Mining For The 'Prime' Jewels Of Numbers
When they're not being used to send e-mails or play solitaire, about 50,000 personal computers around the world are engaged in a search -- for the world's largest prime number.
Prime numbers -- like 2, 3, 5 and 7 -- are numbers that are divisible only by the number 1 and by themselves.
The largest prime found to date is nearly 13 million digits long. To get an idea of just how big this prime number is, if you write 10 digits per inch -- all 12,978,189 of them -- the number would extend for 20.45 miles. The number is currently the world's largest prime. But there's always a larger one to find.
These gargantuan primes fall under a special category known as Mersenne primes, named for a 17th century French theologian who made some predictions about them. (His early predictions ultimately turned out to be wrong.)
The current reigning champ of Mersenne primes was discovered last summer as part of a program called the Great Internet Mersenne Prime Search, or GIMPS.
Apparently, Mersenne primes are easier to find than other primes, and George Woltman, a software designer in Florida and the man behind GIMPS, has written a free, downloadable program to search for them. But you need a lot of computing power.
"It takes about two or three weeks to test a single number," he says. "And everybody is plugging away, trying to find yet another prime number."
Chris Caldwell, a mathematician at the University of Tennessee, Martin, says that the main obstacle in proving that these numbers are prime is just doing the arithmetic with numbers that are millions of digits long. Caldwell says there is a formula for testing whether a large number is a Mersenne prime, but it's computationally intense.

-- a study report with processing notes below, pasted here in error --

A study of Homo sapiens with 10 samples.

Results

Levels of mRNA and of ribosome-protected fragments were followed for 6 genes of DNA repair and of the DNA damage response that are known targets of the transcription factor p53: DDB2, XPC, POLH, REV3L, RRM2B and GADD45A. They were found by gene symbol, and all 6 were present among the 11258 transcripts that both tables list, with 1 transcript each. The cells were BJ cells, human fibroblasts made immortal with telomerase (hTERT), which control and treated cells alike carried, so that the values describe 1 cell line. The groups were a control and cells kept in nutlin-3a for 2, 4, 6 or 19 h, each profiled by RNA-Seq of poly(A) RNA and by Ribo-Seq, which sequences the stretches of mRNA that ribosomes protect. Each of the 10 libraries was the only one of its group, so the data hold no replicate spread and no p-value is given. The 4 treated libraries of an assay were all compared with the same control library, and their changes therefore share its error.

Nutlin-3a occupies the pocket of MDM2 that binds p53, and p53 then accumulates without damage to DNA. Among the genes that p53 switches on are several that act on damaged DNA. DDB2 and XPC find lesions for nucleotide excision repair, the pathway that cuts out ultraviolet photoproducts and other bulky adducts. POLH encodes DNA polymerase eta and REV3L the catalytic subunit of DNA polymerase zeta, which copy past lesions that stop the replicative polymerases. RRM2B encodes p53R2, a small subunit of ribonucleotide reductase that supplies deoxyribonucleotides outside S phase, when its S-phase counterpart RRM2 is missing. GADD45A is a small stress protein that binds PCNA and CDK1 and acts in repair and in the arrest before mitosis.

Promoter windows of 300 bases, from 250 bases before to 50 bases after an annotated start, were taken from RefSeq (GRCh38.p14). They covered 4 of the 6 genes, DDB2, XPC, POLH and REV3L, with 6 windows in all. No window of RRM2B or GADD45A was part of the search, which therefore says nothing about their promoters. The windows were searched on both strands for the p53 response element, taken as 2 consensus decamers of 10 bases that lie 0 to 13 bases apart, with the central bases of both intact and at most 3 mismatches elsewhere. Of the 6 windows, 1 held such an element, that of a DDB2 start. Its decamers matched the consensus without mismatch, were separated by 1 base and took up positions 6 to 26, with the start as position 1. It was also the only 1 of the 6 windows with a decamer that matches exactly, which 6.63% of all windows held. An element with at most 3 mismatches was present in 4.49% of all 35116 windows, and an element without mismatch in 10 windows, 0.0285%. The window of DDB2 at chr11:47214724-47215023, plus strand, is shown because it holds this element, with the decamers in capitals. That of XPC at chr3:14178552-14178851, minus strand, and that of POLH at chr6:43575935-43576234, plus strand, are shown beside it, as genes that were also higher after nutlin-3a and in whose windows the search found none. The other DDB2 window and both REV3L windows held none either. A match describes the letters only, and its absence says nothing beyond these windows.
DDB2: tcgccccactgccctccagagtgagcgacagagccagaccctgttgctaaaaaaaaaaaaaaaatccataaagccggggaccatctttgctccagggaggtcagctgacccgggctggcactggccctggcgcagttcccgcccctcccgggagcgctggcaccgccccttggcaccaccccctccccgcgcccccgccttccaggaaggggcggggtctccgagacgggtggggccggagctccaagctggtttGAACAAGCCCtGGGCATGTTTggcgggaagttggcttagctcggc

"Not only do you have to multiply a 13 million-digit number by a 13 million-digit number, but you have to do that about 13 million times," Caldwell says. "And that just takes a tremendous amount of computation."
GIMPS has been plugging away at this for 13 years now, and has found 12 Mersennes so far.
'The Jewels Of Number Theory'
So why are people anxious to find another, larger Mersenne prime? The response from many in the math community is generally the same: because.
"Mersennes, in a way, are kind of like a large diamond," Caldwell explains. When he went to Washington, he says, he took his kids to see the Hope Diamond. That's the 45-carat diamond that sits in a special case in the National Museum of Natural History, usually with crowds around it.
"Nobody there looking at the Hope Diamond ever asks, 'Why did they bother to dig it up?' or 'What is it good for?' -- even though it really isn't good for much other than to just hang there and people to look at," Caldwell says. "And in many ways the Mersennes play that same role -- that they really are the jewels of number theory."
Copyright 2023 NPR. To see more, visit https://www.npr.org.